If you follow the stock market or the business news, you’ve seen two companies dominating the headlines this week: Herbalife and J.C. Penny. And while it might seem that these two companies have nothing in common, they are, in fact, connected by one thing; or more accurately, by one man.
It has been a tumultuous year for big banks, and today is turning out to be no different. JPMorgan and Wells Fargo released their earnings reports today.
The Royal Bank of Scotland has become the latest bank to get hit with a fine for their role in an interest rate rigging scandal. William Cohan, a former employee at JP Morgan, says this sort of rate fixing undermines the public's faith in capitalism.
In the days since former Goldman Sachs vice president Greg Smith resigned with a scalding New York Times Op-Ed, the company's reputation has come under fire on all sides. But how fair has the criticism been? And what can Goldman do to rehabilitate its image?
Vanity Fair business writers, contributing editors Bryan Burrough, William D. Cohan, and Bethany McLean discuss the personal and professional tribulations of Jon Corzine. They spoke to friends and associates of the embattled former Goldman C.E.O. and New Jersey governor to examine the private demons and blind ambition that led Corzine to the MF Global scandal. Their article “Jon Corzine’s Riskiest Business” is in the February issue of Vanity Fair. The paperback release of William Cohan's latest book, Money and Power: How Goldman Sachs Came to Rule the World, is out today.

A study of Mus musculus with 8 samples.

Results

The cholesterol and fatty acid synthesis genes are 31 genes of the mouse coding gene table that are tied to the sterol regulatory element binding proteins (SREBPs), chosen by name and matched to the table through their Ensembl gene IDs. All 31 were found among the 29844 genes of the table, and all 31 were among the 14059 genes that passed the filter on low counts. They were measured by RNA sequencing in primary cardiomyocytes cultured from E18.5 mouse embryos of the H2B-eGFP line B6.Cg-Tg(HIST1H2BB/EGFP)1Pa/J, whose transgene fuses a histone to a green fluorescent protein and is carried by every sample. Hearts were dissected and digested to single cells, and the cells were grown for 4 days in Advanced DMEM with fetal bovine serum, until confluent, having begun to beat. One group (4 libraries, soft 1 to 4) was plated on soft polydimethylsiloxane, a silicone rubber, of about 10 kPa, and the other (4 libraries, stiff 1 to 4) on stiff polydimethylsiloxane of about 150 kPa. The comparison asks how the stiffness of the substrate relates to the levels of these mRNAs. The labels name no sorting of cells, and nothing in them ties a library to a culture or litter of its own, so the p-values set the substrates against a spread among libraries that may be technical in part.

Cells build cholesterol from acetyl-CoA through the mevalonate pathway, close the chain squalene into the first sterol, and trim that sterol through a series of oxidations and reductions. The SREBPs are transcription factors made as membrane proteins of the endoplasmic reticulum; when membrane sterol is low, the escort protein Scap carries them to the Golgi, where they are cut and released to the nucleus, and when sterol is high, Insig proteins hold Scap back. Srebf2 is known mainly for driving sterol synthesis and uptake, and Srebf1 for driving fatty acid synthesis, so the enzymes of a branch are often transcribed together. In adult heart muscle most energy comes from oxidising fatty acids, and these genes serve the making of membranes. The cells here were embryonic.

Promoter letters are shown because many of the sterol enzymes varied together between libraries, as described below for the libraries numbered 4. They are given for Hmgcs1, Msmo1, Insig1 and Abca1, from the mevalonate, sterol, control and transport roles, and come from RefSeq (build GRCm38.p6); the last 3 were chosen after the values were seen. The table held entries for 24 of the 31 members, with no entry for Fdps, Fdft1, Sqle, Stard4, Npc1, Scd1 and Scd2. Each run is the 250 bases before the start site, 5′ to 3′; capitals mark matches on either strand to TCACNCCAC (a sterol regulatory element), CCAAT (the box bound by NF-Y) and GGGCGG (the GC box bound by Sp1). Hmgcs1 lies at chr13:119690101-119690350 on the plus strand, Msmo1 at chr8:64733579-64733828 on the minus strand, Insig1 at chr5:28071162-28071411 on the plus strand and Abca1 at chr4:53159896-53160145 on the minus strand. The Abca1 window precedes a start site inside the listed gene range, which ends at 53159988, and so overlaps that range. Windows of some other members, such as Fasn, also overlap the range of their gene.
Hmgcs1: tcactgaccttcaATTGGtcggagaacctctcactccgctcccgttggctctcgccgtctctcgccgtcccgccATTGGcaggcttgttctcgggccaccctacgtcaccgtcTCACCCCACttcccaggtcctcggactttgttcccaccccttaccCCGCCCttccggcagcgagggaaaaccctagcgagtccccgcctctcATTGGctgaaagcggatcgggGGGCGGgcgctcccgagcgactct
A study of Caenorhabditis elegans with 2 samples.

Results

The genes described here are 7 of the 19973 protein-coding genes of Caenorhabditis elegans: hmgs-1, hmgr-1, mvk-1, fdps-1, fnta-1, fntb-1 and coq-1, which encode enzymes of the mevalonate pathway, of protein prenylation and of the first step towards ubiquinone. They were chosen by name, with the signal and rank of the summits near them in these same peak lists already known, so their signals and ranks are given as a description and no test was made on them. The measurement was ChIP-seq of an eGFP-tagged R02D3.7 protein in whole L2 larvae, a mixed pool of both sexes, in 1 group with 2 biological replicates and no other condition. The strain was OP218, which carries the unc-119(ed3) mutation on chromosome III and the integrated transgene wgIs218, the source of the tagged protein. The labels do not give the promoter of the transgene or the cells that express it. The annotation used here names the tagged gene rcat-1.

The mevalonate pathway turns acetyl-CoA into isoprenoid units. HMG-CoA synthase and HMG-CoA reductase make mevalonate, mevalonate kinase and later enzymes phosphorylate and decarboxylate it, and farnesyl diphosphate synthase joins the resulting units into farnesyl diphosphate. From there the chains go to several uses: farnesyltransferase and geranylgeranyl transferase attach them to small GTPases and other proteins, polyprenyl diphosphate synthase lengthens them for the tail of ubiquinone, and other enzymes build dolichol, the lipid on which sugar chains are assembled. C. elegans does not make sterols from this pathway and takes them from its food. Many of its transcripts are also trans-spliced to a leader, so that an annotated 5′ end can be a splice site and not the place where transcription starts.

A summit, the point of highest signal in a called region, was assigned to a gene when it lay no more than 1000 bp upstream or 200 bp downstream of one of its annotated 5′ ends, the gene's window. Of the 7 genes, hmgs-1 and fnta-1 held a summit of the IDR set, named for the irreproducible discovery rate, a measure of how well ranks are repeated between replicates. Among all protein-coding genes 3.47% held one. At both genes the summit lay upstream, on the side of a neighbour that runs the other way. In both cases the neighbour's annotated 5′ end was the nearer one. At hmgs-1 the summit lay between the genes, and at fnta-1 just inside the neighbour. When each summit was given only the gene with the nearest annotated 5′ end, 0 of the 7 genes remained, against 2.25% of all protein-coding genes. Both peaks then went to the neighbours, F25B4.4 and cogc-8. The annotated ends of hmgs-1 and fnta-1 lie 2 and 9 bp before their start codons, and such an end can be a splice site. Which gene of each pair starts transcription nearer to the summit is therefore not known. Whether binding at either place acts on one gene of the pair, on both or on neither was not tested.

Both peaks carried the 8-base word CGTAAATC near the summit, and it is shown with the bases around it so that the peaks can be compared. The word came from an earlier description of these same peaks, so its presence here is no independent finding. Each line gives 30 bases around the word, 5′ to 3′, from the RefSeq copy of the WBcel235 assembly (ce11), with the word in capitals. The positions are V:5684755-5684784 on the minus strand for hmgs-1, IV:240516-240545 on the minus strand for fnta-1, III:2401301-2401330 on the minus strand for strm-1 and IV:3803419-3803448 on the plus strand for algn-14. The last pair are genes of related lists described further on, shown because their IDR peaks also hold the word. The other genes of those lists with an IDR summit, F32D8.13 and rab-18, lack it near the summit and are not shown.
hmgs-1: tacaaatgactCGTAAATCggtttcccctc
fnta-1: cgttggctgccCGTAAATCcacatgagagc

9/11 had an impact on all of us. Earlier this year the Leonard Lopate Show staff asked a number of our guests to reflect on what the attacks meant to them and the country. Here is what William D. Cohan, an author and former investment banker had to say.
William D. Cohan tells how Goldman Sachs became the most dominant, feared, and controversial investment bank in the world. In Money and Power: How Goldman Sachs Came to Rule the World, Cohan chronicles Goldman's rise and looks at its corporate culture, reputation, and the firm’s cultivation of powerful people. Robert Rubin and Henry Paulson, who both became Secretaries of the Treasury, are two of the powerful people under discussion. Their actions surrounding the financial crisis fueled much controversy and conspiracy theories.